While Seattle is effectively positioning itself as a hub for innovation in the emerging technology industry, some rural Washington counties are still struggling to get consistent, high-speed internet services.
When conversations around infrastructure emerge, typically GOP and Democratic leaders discuss roads and bridges. But, internet is starting to get its day in the national political conversation around infrastructure. According to a story from The Hill, lawmakers in Congress representing rural regions are debating the merits of publicly-funded internet infrastructure.
“Rural Republicans are expressing serious doubt that private financing — the funding tool favored by conservatives and the White House — could fix the infrastructure needs in their communities.
The Senate Environment and Public Works Committee convened a hearing on Wednesday to get input from transportation leaders from rural regions as lawmakers and the new administration assemble an infrastructure package.
‘Funding solutions that involve public-private partnerships, as have been discussed by administration officials, may be innovative solutions for crumbling inner cities, but do not work for rural areas,” Chairman John Barrasso (R-Wyo.) said.’” reads The Hill report.
This conversation is also happening at the state level.
Several bills related to broadband access have been introduced in the Legislature this session. Some lawmakers are working specifically to expand access to broadband in rural areas through public utility districts.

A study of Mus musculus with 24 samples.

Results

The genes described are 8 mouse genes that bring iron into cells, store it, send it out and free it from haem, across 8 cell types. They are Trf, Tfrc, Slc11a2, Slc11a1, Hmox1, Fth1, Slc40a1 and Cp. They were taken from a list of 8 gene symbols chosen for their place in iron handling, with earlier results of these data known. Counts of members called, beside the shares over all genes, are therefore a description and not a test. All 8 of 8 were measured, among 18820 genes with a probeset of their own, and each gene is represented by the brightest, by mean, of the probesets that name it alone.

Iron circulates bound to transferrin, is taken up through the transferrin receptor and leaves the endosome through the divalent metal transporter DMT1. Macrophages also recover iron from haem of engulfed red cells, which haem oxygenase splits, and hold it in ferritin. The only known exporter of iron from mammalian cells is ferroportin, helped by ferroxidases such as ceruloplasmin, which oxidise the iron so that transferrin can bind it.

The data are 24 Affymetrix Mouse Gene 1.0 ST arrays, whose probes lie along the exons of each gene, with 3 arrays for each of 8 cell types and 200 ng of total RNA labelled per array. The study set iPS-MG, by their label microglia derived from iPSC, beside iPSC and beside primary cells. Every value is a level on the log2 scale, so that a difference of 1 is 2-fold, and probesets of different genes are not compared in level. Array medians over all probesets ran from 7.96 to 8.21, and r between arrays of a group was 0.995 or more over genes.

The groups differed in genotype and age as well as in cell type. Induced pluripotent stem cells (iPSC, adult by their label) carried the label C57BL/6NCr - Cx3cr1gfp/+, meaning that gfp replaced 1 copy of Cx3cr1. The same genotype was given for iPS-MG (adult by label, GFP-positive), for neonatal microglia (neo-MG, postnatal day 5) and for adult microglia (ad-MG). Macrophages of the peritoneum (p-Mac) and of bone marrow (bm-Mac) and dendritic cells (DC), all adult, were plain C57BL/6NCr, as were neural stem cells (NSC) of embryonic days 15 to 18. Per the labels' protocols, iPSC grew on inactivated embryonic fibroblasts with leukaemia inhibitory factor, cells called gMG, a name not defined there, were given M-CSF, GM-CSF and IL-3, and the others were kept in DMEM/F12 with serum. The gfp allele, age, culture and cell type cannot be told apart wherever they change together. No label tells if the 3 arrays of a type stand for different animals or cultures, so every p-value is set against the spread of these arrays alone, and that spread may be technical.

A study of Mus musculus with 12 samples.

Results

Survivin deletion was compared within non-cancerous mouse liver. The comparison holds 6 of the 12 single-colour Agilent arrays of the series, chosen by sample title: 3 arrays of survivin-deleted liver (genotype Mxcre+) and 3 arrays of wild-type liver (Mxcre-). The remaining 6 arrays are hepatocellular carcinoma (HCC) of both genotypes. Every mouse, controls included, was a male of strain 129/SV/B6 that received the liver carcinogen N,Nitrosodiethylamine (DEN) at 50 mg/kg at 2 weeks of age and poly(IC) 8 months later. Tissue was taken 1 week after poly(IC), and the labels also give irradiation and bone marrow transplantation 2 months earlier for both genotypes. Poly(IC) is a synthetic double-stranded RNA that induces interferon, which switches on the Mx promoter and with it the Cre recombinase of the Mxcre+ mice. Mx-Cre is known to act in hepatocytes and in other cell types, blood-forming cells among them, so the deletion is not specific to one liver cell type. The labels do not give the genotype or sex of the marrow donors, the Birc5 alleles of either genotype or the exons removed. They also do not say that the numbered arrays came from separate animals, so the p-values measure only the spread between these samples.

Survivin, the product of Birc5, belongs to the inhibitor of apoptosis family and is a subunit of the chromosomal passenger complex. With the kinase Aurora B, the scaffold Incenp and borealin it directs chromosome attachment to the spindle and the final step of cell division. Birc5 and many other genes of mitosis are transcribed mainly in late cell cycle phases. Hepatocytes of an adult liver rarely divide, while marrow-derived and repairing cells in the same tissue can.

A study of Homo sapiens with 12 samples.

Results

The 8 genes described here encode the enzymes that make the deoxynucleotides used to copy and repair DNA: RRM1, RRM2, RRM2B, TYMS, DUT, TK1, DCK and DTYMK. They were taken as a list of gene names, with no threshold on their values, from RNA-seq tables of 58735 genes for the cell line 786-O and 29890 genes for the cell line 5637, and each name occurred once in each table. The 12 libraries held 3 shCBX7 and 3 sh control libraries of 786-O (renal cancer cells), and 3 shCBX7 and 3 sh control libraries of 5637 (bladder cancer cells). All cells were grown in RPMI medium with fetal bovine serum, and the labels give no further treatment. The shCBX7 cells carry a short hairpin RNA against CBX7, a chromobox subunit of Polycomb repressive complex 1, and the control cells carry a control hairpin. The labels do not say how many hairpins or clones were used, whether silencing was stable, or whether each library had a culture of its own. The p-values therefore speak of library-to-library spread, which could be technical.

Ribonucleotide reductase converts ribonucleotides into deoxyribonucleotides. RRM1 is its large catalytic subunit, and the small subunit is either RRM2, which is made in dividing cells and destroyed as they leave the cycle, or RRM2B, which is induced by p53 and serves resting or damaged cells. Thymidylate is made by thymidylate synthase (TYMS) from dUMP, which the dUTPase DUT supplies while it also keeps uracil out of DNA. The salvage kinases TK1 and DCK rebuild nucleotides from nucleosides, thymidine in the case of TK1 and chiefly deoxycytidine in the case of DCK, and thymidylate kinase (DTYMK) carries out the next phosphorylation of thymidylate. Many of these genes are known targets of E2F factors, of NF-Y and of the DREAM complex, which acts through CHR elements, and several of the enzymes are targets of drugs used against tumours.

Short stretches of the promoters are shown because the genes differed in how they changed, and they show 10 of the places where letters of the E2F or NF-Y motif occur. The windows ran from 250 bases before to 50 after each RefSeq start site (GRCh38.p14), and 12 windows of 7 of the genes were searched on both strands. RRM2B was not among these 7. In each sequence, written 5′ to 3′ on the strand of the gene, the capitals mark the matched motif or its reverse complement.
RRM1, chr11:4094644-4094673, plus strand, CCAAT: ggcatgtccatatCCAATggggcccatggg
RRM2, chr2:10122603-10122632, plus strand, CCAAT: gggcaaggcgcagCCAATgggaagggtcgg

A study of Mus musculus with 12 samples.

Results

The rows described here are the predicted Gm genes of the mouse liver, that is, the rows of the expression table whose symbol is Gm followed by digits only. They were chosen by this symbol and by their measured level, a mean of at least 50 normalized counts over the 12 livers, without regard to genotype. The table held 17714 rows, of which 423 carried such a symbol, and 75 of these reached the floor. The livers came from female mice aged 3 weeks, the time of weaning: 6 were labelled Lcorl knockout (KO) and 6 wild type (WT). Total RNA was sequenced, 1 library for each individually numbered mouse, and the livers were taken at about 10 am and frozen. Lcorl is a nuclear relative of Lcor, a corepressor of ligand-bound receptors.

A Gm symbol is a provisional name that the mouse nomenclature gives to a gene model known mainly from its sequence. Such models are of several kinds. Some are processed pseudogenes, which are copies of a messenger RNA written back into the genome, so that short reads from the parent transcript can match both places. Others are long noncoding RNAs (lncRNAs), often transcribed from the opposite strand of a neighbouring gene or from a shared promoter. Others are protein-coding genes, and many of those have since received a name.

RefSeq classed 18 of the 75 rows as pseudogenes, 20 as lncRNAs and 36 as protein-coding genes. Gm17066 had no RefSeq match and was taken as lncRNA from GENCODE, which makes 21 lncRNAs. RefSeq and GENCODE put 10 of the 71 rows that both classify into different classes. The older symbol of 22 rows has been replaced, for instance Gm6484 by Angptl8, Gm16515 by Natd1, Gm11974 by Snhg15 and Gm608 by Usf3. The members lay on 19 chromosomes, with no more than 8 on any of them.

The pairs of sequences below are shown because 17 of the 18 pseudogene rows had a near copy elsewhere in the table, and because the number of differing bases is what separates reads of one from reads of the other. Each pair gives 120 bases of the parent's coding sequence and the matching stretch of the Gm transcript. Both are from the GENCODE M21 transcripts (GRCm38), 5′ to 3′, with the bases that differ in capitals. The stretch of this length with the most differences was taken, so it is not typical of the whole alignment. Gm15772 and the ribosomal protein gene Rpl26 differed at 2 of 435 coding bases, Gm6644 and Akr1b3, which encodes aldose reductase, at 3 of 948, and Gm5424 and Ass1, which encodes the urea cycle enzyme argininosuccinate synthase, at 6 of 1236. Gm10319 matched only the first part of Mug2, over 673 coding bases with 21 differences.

Sen. Christine Rolfes, D-Bainbridge, is sponsoring a bill that would provide a “public internet retail option.”
“Internet service is not a luxury in today’s world, it is a necessity. If a business can’t have an online presence or a student can’t log on to their school’s website, they cannot function let alone succeed. The internet is as fundamental to our lives today as electricity and clean water are and were when PUDs were established nearly 90 years ago, and it only makes sense they can provide affordable internet service along with their other utilities.”
A press release from Rolfes’ office, addresses some of the critical issues:
“Currently, wholesale high-speed internet is offered by 14 PUDs in predominantly rural areas throughout Washington state. Telecommunications companies provide the retail services, however, as PUDs do not have the authority to offer retail services.
Rolfes’ Senate Bill 5139 would grant that authority to the state’s 28 PUDs, which are community owned and not for profit.”
The bill was first introduced on Jan. 13 and then referred to the Energy, Environment & Telecommunications committee.
House Bill 1938, sponsored by Rep. Steve Tharinger, D-Sequim, would also authorize PUDs to provide retail internet services. It was heard in the Technology & Economic Development committee Wednesday and is scheduled for another public hearing Thursday afternoon in the same committee.